Rajnath balm for Hindi-speaking applicants

Home minister Rajnath Singh on Tuesday called Assam chief minister Sarbananda Sonowal and Union home secretary Rajiv Gauba to ensure that "no Hindi-speaking or Indian citizen" is left out of the National Register of Citizens (NRC).

By Umanand Jaiswal in Guwahati
  • Published 15.08.18

Guwahati: Home minister Rajnath Singh on Tuesday called Assam chief minister Sarbananda Sonowal and Union home secretary Rajiv Gauba to ensure that "no Hindi-speaking or Indian citizen" is left out of the National Register of Citizens (NRC).

He made the calls while interacting with a delegation of North East Hindi Bhasi Samanway Samiti which highlighted how many community members were left out of the final draft NRC because of procedural anomalies, among others.

Members of the Samiti, an apex body of Hindi-speaking organisations like All Assam Bhojpuri Parishad, Purvator Hindusthani Sammelan, Purbattor Marwari Sammelan, Marwari Yuva Manch, met Singh at his Delhi residence for over half-an-hour and submitted a memorandum seeking his intervention to ensure the Hindi-speaking population or any genuine Indian living in Assam for generations were not left out during the claims and objections phase.

The final draft of the NRC had seen 40.07 lakh of the 3.29 crore applicants failing to make the list.

The delegation comprised BJP leaders Vijay Kumar Gupta, Ashok Singhal and Hindi-Speaking Development Council deputy chairman Gauravv Somani and council member Dharmendra Chouhan, among others.

Somani told The Telegraph that Singh called Sonowal and asked him to ensure that no genuine Indian is left out of the NRC.

"Rajnath ji also said our chief minister has assured him that no Hindi-speaking or Indian citizen will be left out. He also assured to look into our request to appoint people familiar with Hindi and Urdu so that the claims phase passes off smoothly. NRC personnel vetting papers rejected documents submitted by Hindi-speaking applicants because they could not understand what was written. We have requested Rajnathji that the SOP needs to address these issues. Non-inclusion, despite providing papers, has made many pass sleepless nights," he said.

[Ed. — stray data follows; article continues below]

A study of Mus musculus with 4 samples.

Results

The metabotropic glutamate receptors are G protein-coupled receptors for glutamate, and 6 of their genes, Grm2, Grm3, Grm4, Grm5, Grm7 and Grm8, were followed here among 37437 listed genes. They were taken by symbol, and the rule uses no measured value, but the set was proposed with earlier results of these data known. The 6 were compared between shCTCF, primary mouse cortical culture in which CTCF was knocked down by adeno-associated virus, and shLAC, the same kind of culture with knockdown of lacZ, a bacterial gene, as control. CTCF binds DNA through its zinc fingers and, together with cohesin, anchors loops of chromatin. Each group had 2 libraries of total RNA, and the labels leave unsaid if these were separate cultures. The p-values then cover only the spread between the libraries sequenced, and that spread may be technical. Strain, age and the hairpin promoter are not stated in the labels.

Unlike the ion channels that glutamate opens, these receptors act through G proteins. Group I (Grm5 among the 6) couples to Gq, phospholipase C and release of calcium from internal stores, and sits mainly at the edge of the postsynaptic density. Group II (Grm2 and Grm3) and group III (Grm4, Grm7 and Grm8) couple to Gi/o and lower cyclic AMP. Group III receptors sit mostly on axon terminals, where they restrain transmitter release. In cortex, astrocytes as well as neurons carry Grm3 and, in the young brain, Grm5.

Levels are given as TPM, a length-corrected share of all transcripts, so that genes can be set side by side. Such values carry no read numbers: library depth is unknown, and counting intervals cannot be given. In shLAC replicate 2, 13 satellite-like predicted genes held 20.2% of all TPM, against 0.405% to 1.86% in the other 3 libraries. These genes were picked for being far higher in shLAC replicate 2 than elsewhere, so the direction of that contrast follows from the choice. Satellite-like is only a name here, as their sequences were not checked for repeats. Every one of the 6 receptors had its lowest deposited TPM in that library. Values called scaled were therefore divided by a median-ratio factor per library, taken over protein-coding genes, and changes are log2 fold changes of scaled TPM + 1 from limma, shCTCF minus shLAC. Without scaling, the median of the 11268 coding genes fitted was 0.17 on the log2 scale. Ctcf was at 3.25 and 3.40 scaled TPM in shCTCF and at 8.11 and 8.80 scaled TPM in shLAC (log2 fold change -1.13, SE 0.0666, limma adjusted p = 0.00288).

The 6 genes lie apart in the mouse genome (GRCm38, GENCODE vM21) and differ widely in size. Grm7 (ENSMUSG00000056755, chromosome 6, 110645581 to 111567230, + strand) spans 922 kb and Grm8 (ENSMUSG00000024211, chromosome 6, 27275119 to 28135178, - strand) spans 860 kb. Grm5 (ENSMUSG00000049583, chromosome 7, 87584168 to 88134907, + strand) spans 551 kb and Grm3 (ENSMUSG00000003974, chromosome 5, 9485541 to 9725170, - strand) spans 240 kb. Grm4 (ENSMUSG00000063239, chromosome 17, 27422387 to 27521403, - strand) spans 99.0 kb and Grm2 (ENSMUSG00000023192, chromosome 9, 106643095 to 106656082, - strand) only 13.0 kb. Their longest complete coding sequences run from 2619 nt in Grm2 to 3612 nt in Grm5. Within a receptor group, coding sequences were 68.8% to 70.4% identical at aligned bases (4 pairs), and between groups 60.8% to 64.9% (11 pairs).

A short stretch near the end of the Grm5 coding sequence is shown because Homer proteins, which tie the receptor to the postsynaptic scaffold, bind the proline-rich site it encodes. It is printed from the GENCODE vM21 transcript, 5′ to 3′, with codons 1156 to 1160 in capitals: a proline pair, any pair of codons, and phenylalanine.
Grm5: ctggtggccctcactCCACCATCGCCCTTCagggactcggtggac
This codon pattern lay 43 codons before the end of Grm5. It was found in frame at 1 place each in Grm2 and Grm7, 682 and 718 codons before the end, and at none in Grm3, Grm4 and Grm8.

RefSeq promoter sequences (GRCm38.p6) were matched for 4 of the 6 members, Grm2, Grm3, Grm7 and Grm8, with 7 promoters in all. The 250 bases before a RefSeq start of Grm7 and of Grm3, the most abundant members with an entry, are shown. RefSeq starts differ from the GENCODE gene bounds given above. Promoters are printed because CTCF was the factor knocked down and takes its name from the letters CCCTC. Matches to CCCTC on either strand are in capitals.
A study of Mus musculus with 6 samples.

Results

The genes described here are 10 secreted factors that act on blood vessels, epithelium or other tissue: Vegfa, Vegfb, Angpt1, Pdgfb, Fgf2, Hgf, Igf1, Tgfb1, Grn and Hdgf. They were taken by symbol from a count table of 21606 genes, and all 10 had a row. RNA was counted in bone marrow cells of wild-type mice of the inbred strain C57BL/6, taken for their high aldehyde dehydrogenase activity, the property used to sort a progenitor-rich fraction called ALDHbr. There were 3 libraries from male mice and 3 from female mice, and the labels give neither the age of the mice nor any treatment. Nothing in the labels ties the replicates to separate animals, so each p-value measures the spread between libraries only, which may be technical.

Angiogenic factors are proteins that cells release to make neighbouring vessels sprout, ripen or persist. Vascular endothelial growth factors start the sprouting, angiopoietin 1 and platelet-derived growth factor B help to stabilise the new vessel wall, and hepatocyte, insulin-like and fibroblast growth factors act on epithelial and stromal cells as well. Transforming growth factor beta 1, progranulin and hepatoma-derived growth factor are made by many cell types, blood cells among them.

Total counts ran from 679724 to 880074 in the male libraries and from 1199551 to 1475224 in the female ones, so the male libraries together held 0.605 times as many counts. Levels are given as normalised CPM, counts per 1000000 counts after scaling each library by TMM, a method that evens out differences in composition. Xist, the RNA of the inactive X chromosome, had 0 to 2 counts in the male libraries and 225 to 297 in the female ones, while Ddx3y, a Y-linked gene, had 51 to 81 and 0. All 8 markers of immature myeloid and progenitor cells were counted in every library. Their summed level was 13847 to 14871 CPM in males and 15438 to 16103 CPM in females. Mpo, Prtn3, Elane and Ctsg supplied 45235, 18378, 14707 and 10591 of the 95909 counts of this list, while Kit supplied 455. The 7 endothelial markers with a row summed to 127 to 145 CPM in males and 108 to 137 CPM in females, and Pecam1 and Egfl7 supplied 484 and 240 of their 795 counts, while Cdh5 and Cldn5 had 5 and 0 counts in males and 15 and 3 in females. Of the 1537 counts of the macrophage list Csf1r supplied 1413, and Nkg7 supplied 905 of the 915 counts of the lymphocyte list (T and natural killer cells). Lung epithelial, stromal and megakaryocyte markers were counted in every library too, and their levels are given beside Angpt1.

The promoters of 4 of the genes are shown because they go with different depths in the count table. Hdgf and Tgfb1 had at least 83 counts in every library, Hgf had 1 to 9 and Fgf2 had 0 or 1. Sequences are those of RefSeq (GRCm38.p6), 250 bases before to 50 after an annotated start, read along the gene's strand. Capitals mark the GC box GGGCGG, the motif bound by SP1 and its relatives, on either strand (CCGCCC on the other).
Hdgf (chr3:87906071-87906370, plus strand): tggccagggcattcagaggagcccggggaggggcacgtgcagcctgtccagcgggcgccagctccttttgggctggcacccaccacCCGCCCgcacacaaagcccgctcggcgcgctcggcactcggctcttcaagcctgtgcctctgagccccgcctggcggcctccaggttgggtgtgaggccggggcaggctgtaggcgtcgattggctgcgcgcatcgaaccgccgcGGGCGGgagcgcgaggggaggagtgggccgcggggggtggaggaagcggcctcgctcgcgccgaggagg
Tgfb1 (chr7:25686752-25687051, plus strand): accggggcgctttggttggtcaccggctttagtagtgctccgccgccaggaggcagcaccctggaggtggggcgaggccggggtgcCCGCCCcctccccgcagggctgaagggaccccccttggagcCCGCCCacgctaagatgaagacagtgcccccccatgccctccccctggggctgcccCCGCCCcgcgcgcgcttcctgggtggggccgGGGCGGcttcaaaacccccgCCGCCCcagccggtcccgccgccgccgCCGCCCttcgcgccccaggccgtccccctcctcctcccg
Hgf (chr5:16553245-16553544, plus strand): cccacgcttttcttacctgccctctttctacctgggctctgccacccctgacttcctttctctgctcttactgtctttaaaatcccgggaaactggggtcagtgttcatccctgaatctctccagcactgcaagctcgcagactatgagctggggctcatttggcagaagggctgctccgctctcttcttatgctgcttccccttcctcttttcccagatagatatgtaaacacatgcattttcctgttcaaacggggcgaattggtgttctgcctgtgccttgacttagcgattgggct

Later, Somani, who is also an Assam PCC spokesperson, met and submitted a copy of the memorandum to party leaders Gaurav Gogoi, Ashok Gehlot and Sachin Pilot.

Chouhan, who later submitted a memorandum to Registrar-General of India Sailesh on behalf of All Assam Bhojpuri Parishad, articulating the problems faced by community members, said Singh also called Gauba, asking him to look into the issues raised by the Samiti, of how the verification for the ongoing NRC update has affected Hindi-speaking people from Uttar Pradesh, Bihar, Jharkhand, Chhattisgarh, Rajasthan, Punjab and Madhya Pradesh, among others.

"We have also requested that a supplementary draft be published before the updated NRC and to consider Hindi-speaking people as original inhabitants like the tea tribes who came from states such as Bihar, Uttar Pradesh, Jharkhand, Madhya Pradesh and Chhattisgarh," Chouhan said.

In the memorandum submitted to Sailesh by the Bhojpuri Parishad, Chouhan said they have also highlighted the constitution of the development council in 2016 by the erstwhile Tarun Gogoi government. In a way this is a huge endorsement and acceptance of our people as an integral part of the greater Assamese society. History suggests migration of Hindi-speaking people to Assam began during British Raj. We would request the authorities to look into these factors," Chouhan said.

Gauhati University history professor Rajib Handique, when asked to throw light on the migration of Hindi-speaking people to the state, said, "There has been a constant flow of Hindi-speaking people from the colonial period because of the opportunities Assam provided. There was a lot of scope for traders and the labour class, starting with tea plantations. The ' golas' in every tea estate is a visible sign of the presence of Hindi-speaking people, especially the Marwari community."

Golas were distribution centres for rations and funds for garden workers, among others.